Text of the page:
PEMBROKE, Ill. — Rep. Jesse Jackson Jr. is rarely seen in the Capitol without his trademark Bluetooth earpiece. But in this rural, undeveloped and impoverished town an hour and a half south of Chicago, there is no cellphone reception.
There aren't even electrical outlets in the municipal building where Jackson met with some of his soon-to-be constituents on Monday afternoon.
The predominantly black audience isn't new for the impeccably tailored seminarian son of a civil rights leader. But the sprawling farm fields are.
"This is unemployed; this is employed. This is us. This is them. This poor! This rich!" the Chicago Democrat fired off in his preacher's voice while pacing in front of a massive Illinois map. "You're hiring a giant in a week. It's that 'Jesse thing' in me. I just can't let it go!"
As disgraced former Illinois Gov. Rod Blagojevich (D) begins his 14-year sentence at a Colorado prison today, Jackson — known as "Junior" on Chicago's South Side, where his last name is synonymous with civil rights politics — is a few days from surviving the toughest re-election race of his career.
Jackson became intertwined with Blagojevich in the headlines after it was revealed he was "Senate candidate Number 5" in U.S. Attorney Patrick Fitzgerald's investigation into the corrupt governor's plot to sell a Senate appointment. The Congressman denies any wrongdoing and maintains he was never a target of the investigation.
But between taking the witness stand for the governor's defense and a House Ethics Committee investigation, Jackson got distracted from politics at home, and it showed.
"I think he probably got complacent," said Frank Zuccarelli, a Jackson supporter and party leader in Thornton Township, Ill. "I don't think he forgot, but he got a little complacent. He's really started to pay more attention again."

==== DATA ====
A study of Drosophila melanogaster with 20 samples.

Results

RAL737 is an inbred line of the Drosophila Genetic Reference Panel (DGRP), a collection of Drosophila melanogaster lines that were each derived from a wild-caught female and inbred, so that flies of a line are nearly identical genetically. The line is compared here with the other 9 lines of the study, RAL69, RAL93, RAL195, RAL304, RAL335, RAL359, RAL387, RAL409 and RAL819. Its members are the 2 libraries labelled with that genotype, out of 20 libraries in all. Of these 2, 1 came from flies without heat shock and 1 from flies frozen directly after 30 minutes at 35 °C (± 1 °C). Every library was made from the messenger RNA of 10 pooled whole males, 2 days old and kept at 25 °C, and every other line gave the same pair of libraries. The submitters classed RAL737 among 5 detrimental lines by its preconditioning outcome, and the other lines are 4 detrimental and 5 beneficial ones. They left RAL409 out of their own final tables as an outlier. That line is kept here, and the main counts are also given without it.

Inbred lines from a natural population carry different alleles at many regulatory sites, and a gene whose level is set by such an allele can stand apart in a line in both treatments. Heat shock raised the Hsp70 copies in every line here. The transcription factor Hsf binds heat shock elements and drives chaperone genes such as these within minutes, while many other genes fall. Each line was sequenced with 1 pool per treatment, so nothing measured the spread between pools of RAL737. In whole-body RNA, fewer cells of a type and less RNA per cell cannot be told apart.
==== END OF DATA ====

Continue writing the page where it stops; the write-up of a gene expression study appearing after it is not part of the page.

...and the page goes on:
Jackson was forced to come home again when his fellow Democrats redrew the Congressional map last year, spreading his urban 2nd district south into some of the state's most rural territory.
He faces longtime nemesis former Rep. Debbie Halvorson in Tuesday's Democratic primary, which the Congressman is expected to win handily.
"I wouldn't call it complacent. I've been real busy," Jackson joked in an interview outside his Kankakee, Ill., campaign office. "Mr. Fitzgerald kept me pretty busy. I wouldn't call that complacent. When Mr. Fitzgerald's got you in the general purview of a process, there's no complacency there."
A Textbook, Skilled Campaign
Many district voters don't know the details of Blagojevich's crimes or Jackson's role in the pay-to-play scandal. But in cynical Chicagoland politics, even getting close to corruption is enough to turn off a voter.
"I just know something about deceit and the seat in the Senate, they were trying to sell that seat and they couldn't get it done," said Thelma Corley, an 86-year-old retired teacher. "I've never really liked what I've heard about [Jackson]. I just think he's radical, and he's trying to be as smart as his dad [the Rev. Jesse Jackson], and he isn't."